Field Review: Panasonic GF-1 (Day 2)

The Panasonic GF-1stayed in the bag most of the time on this day as I was using the Leica M7a lot more for a personal project, but the results that did come out were, well, blah. In fact, I’d find them unacceptable. Then I ran them through Lightroom to see to my surprise what are perhaps some of the most versatile RAW images files I’ve ever seen in a review.

With the M Classics Compact Bag

First off, the M Classics bag is absolutely wonderful and I believe totally worth the money if you can afford it. Make no mistake, the bag I’m using isn’t the one on the page there. It is different. If you’d like more info about it you’d have to email Seth at the email address on that site. Trust me when I say that you’ll never want another bag again unless you need more space. Though here are some specs on it:

Fabric: Cabriolet cloth, same as spec’d by Mercedes-Benz, Porsche, and BMW in their convertible topped cars. It’s a colorfast acrylic weave backed by embossed cotton/poly cloth. In between is a layer of butyl rubber for waterproofing. It has all the durability, clean-ability, waterproofing, and function that one would expect from their car top.

Leather: Hand selected, vegetable tanned, saddle and bridle leather.

Hardware: Solid brass

Design: The design philosophy is focused on speedy access to the gear, discrete looks, and all-day comfort.

– Straps attach at the rear of the bag for a comfortable hang-angle to access gear….easier and faster than reaching around a side mounted strap.

– The shoulder strap has a sliding pad as well as adjustment slides on both ends. This allows for a very high carry that is favored by many photojournalists. The high, under arm carry makes for stability while running.

– There is a suspended “speed pocket” inside. When the camera is placed on its left side in this pocket, the right side of the camera is well positioned under your hand as ysou reach in the bag for a fast shot. That pocket is reinforced with leather so that “re-holstering” the camera is fast and easy as well. This fast in and out makes for very discrete shooting on the street.

– Two front pockets provide space for miscellany like films, meter, batteries, even another camera body.

– Two additional accessory pockets are inside for cell phone, media/memory cards etc.

– There’s a map/document pocket inside as well.

– The Velcro on the underside of the flap spans its length so that the flap will sufficiently grab some portion of the Velcro on the front pockets, even when simply dropping the flap. No need to carefully reposition the flap when trying to grab a fast shot.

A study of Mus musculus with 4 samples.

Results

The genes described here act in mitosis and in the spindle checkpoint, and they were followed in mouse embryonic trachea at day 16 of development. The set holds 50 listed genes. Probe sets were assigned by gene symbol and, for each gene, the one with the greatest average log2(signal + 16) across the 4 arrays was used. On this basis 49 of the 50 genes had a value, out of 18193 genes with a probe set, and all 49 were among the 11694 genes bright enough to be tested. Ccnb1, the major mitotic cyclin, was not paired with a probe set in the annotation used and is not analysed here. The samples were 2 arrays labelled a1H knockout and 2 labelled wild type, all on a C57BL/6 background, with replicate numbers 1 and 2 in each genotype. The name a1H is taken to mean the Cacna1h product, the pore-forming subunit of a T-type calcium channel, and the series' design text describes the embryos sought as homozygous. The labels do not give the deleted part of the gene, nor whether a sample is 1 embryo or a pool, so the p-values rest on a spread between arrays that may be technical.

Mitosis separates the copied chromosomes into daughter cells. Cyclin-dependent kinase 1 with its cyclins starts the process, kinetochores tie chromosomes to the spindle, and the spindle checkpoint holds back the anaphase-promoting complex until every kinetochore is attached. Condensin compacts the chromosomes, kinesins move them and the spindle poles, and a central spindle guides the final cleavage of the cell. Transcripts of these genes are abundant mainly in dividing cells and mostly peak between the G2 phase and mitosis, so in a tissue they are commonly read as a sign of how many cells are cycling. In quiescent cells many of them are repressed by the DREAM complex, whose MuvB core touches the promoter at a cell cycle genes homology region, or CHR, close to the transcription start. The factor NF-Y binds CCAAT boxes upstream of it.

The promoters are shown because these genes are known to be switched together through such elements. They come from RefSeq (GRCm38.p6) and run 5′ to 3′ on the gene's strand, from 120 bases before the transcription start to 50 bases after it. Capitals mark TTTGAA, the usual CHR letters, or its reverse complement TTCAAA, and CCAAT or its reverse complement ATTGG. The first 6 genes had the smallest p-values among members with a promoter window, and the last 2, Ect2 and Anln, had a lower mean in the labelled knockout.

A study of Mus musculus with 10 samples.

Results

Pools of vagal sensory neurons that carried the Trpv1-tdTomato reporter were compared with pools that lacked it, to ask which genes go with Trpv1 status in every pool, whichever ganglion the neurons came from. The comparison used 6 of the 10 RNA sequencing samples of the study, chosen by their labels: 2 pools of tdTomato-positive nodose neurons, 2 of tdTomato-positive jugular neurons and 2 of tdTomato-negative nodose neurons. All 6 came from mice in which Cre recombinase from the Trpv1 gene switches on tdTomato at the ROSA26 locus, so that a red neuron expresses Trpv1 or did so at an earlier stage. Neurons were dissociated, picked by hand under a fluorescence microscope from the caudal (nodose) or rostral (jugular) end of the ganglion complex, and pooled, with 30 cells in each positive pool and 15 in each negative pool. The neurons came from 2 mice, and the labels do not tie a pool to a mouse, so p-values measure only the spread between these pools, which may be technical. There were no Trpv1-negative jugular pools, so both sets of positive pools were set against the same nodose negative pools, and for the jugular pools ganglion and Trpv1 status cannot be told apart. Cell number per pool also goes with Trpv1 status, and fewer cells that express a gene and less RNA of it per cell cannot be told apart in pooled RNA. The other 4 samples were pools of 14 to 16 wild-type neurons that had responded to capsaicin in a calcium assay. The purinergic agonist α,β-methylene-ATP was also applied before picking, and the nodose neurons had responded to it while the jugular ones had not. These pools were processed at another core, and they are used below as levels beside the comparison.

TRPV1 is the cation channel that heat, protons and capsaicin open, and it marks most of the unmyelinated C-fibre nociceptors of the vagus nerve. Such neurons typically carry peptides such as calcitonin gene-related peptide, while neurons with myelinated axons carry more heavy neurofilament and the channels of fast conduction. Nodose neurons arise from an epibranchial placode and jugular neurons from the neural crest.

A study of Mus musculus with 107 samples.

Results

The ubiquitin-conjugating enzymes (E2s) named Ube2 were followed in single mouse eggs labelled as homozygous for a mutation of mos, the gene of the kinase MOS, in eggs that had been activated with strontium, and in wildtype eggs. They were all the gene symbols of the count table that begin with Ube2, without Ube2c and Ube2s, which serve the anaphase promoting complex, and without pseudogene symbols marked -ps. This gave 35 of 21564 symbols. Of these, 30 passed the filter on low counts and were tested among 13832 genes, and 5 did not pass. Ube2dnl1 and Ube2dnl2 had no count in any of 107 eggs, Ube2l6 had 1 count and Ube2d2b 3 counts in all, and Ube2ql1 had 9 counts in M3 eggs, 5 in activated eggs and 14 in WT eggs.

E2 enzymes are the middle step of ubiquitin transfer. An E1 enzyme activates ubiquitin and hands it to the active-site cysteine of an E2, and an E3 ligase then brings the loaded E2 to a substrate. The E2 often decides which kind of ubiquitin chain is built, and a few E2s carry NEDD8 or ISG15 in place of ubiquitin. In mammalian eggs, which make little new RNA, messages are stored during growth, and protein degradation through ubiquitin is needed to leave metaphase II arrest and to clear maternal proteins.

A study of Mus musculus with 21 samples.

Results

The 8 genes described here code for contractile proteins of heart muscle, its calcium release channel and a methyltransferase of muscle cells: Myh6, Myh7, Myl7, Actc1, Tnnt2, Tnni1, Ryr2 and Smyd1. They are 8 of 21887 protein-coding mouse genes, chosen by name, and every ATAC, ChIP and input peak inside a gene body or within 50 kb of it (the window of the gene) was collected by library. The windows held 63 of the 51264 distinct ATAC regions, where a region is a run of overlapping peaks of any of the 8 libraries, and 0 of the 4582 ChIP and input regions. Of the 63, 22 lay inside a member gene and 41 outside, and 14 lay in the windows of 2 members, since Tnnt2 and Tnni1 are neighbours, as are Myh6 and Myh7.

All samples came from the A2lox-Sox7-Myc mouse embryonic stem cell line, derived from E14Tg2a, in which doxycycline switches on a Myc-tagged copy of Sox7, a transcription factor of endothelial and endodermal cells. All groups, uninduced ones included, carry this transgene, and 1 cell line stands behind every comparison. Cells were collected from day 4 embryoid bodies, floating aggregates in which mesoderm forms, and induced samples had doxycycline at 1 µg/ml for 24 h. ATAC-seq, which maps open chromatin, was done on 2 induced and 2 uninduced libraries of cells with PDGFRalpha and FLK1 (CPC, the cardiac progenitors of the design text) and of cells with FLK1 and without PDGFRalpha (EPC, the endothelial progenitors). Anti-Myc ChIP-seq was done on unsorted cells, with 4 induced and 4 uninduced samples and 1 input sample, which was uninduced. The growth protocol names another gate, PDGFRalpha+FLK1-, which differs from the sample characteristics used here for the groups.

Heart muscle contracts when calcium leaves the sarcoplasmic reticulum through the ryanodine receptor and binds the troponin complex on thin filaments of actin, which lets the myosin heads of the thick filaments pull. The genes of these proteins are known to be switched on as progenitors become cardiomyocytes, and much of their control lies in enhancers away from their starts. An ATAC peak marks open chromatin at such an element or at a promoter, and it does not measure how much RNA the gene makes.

– We provide two small leather backed Velcro patches so that you can selectively disable as much of the Velcro closure as needed for your shooting scenario. At weddings or when shooting other quiet events, even a small noise from Velcro can be a problem. This system gives the photographer control.

Construction: Our bags are all bench-made, by hand in our small New England shop.

Either way, the Compact bag was able to hold the Leica M7(which I was mostly using), Panasonic GF-1(both with lenses attached), three rolls of film, my wallet, a spare shirt, lens cleaner, sensor cleaner, a bottle of Vitamin water, a bottle of Purel, and it still had room to spare.


The autofocus on the GF-1is spot on, fairly intelligent based on composition and fast. The most interesting feature perhaps may be to tracking focus. What one needs to do is first focus on an object/person/pet/zombie/thing-that-is-moving and then release the focus. The camera will continuously keep tracking it. It manages to do this quickly, accurately and quietly as well. Tracking happens as the subject moves from left to right within the frame as well as forward and backward.

Image Quality

Out of camera image quality isn’t the greatest—even with the highly rated Panasonic LUMIX G 20mm f/1.7 Aspherical Pancake Lensattached to it. Perhaps it may be great for amateurs and hobbyists, but for people that make a living off of their images you’ll need to work some more in Adobe Photoshop Lightroom 3or Adobe Photoshop CS5as part of the normal post-production process. More on that later. However, the GF-1does have different “Film settings” that allow the user to dial in different contrast, tone and contrast settings for each different film mode as well as adding its own settings. Admittedly, these haven’t been experimented with yet though the camera has mostly been shooting in the “Dynamic” film mode.

High ISO shooting hasn’t been given a full run-through yet, but that will change.

Raw File Versatility

Now I really understand why everyone is raving about this camera and how amazingly awesome it is. The raw files are extremely versatile and allow for the most subtle of changes. Much more versatile than anything I’ve shot out of something like the Leica M9during its review period. I compare it to that because the camera feels and acts very Leica-like.

If there is a reason to buy this camera, it is the raw file versatility. This is great for a student that wants to experience all the tweaking and processing that needs to be done in the digital darkroom but doesn’t want something as big as a Canon EOS Rebel T2i(review here.)

More to come in the review!

Please Support The Phoblographer

We love to bring you guys the latest and greatest news and gear related stuff. However, we can’t keep doing that unless we have your continued support. If you would like to purchase any of the items mentioned, please do so by clicking our link and then purchasing the items as we then get a small portion of the sale to help run the website.

Chris Gampat

Chris Gampat is the Editor in Chief, Founder, and Publisher of the Phoblographer. He also likes pizza.